Warmer Seas But No Change in Hurricane Intensity?

By | December 21, 2007

Hurricane Intensity


Many would argue that Nature is the leading scientific journal in the world, and over the years, Nature has been an ally of the global warming crusade. A recent article in Nature begins with the sentence “The response of tropical cyclone activity to global warming is widely debated.” That sentence alone hints that the article may be somewhat atypical of Nature, since actual acknowledgement of the “d” word is greatly frowned upon by the crusaders. The second sentence states “It is often assumed that warmer sea surface temperatures provide a more favourable environment for the development and intensification of tropical cyclones, but cyclone genesis and intensity are also affected by the vertical thermodynamic properties of the atmosphere.” Once again, we get the hint that this presumed link between warmer oceans and more intense hurricanes may be more complicated than we’ve (or, rather, you’ve) been led to believe by the likes of Gore. We have been telling you this has been the case for several years.

The authors of the latest piece are Gabriel Vecchi and Brian Soden of the NOAA’s Geophysical Fluid Dynamics Laboratory in New Jersey and the University of Miami, and the work was funded by both NOAA and NASA (no evidence of industry funding whatsoever). Basically, they note that higher sea surface temperatures (SSTs) in the vicinity of a hurricane could, in fact, increase the potential intensity (or, PI, how strong a storm could get if everything fell perfectly into place) of the storm. They state “With all other factors being equal, a local warming of SST would act to destabilize the overlying atmosphere and increase PI. However, remote SST changes can also influence PI through their influence on upper atmospheric temperatures. In the tropical free troposphere, where the Coriolis force is weak, temperature gradients are small and, on timescales longer than a few months, upper tropospheric temperature anomalies are determined by changes in the tropical-mean SST. Thus, local PI in the tropics is influenced by both local and remote SST changes.” Basically, local SST warming can destabilize the atmosphere and increase the intensity of the hurricanes, but widespread SST warming alters the temperature structure of the higher levels of the atmosphere, which in turn cancel or even reverse the potential intensity of the events.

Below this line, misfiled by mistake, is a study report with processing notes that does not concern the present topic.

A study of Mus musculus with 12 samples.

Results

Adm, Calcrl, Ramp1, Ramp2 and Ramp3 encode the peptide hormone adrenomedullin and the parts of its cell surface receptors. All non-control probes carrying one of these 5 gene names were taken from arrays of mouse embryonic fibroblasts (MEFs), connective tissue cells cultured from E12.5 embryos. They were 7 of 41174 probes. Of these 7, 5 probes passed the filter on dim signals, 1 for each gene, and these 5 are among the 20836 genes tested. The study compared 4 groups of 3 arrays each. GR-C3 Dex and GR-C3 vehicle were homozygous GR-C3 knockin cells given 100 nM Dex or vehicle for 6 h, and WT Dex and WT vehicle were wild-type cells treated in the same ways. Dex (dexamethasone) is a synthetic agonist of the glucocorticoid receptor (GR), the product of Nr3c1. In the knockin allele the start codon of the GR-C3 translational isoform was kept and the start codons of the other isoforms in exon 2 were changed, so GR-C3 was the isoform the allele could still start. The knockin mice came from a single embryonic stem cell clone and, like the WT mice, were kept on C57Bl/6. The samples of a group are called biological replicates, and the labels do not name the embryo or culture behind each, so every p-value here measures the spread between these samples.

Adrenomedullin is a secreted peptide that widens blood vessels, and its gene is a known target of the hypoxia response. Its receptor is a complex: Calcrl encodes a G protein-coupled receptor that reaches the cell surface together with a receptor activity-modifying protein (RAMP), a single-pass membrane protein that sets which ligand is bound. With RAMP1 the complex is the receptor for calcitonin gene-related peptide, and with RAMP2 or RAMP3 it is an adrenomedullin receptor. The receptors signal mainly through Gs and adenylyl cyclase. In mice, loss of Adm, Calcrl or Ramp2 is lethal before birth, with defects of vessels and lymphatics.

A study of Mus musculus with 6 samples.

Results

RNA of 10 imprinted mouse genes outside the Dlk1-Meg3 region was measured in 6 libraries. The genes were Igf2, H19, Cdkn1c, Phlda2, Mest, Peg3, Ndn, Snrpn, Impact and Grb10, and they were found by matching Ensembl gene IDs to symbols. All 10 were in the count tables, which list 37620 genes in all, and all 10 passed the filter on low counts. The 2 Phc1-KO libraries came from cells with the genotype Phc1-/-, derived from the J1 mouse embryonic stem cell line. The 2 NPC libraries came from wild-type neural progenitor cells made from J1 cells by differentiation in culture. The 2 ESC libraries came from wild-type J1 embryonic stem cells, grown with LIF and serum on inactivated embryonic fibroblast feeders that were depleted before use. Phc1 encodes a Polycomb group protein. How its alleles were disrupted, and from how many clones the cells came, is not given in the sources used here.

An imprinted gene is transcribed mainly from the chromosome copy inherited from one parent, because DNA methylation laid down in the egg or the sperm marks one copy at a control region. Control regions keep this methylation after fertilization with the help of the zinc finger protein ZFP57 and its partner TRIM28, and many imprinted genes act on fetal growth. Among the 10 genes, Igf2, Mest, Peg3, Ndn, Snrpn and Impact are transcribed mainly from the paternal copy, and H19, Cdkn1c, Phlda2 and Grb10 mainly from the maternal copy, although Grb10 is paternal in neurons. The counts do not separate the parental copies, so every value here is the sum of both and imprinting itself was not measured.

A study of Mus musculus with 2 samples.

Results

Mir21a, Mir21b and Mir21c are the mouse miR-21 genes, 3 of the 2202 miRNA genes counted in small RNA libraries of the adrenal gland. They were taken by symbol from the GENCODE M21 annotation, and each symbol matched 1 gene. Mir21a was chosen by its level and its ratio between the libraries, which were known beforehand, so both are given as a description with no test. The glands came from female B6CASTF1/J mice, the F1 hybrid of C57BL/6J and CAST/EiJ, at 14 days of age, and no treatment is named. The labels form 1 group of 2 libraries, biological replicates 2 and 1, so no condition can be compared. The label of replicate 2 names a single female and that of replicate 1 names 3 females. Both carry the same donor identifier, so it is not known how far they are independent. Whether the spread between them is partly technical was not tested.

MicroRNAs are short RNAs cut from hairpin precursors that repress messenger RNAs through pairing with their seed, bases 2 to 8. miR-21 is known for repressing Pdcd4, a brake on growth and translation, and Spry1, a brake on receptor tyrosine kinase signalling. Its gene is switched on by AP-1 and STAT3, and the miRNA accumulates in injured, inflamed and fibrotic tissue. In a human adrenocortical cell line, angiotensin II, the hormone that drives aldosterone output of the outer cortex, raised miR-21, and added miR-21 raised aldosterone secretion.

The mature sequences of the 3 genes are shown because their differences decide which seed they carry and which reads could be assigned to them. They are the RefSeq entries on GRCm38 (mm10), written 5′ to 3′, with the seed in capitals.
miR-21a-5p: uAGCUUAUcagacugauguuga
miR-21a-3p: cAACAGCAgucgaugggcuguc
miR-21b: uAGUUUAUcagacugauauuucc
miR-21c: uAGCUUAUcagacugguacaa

To say the least, including the effect of more distant SSTs really changes the outcome. Vecchi and Soden used three different, but highly correlated SST datasets and calculated the potential intensity of tropical storms for the North Indian Ocean, the western tropical Pacific Ocean, and the tropical Atlantic Ocean (see figure below). In their own words, they note “All three SST data sets indicate substantial warming in the three regions over the twentieth century. In the Atlantic sector, SSTs have been at unprecedented levels since the late 1990s, yet the tropical Atlantic PI is at near-average levels for that period, and had its highest levels during the middle of the twentieth century.

The only long-term increase in PI has been in the Indian Ocean, and recent Pacific PI has been lower than the long-term mean (the decrease arising abruptly in the 1970s).” Furthermore, they state “The combined influence of local and remote SST changes on PI can be seen clearly in the Atlantic basin. Atlantic PI began to decrease in the mid-1950s, even though local SST was not changing substantially (PI decreases by 0.6–0.7 °C from the 1950s to the 1980s, while local SST decreases by only 0.1–0.2 °C). This reduction in PI was not dominated by a local SST decrease, but by the rapid warming elsewhere in the tropics (much of it in the Indian Ocean).”

OK, so there hasn’t been any great increase in potential intensity of tropical cyclones over the long run, despite what the global warming advocates would lead you to believe. Well, you could suggest that like everything else, the disaster will reveal itself a decade or so from now. Unfortunately for such optimists (or are they pessimists?), Vecchi and Soden calculated PI for the next 150 years, and as seen below, SSTs are expected to rise, but in the North Indian Ocean and the tropical Atlantic Ocean, there should be no rise whatsoever in potential intensity of hurricanes.

Let’s all wait and see if the global warming crowd (or the media) embraces these results – of course they won’t and of course they will continue to scream that hurricanes are becoming more intense and will become even more intense in the decades to come. The results published in Nature by Vecchi and Soden will be nothing more than inconvenient trash to be swept under the rug of truth!

Reference:

Vecchi, G.A. and B.J. Soden. 2007. Effect of remote sea surface temperature change on tropical cyclone potential intensity. Nature, 450, 1066-1071.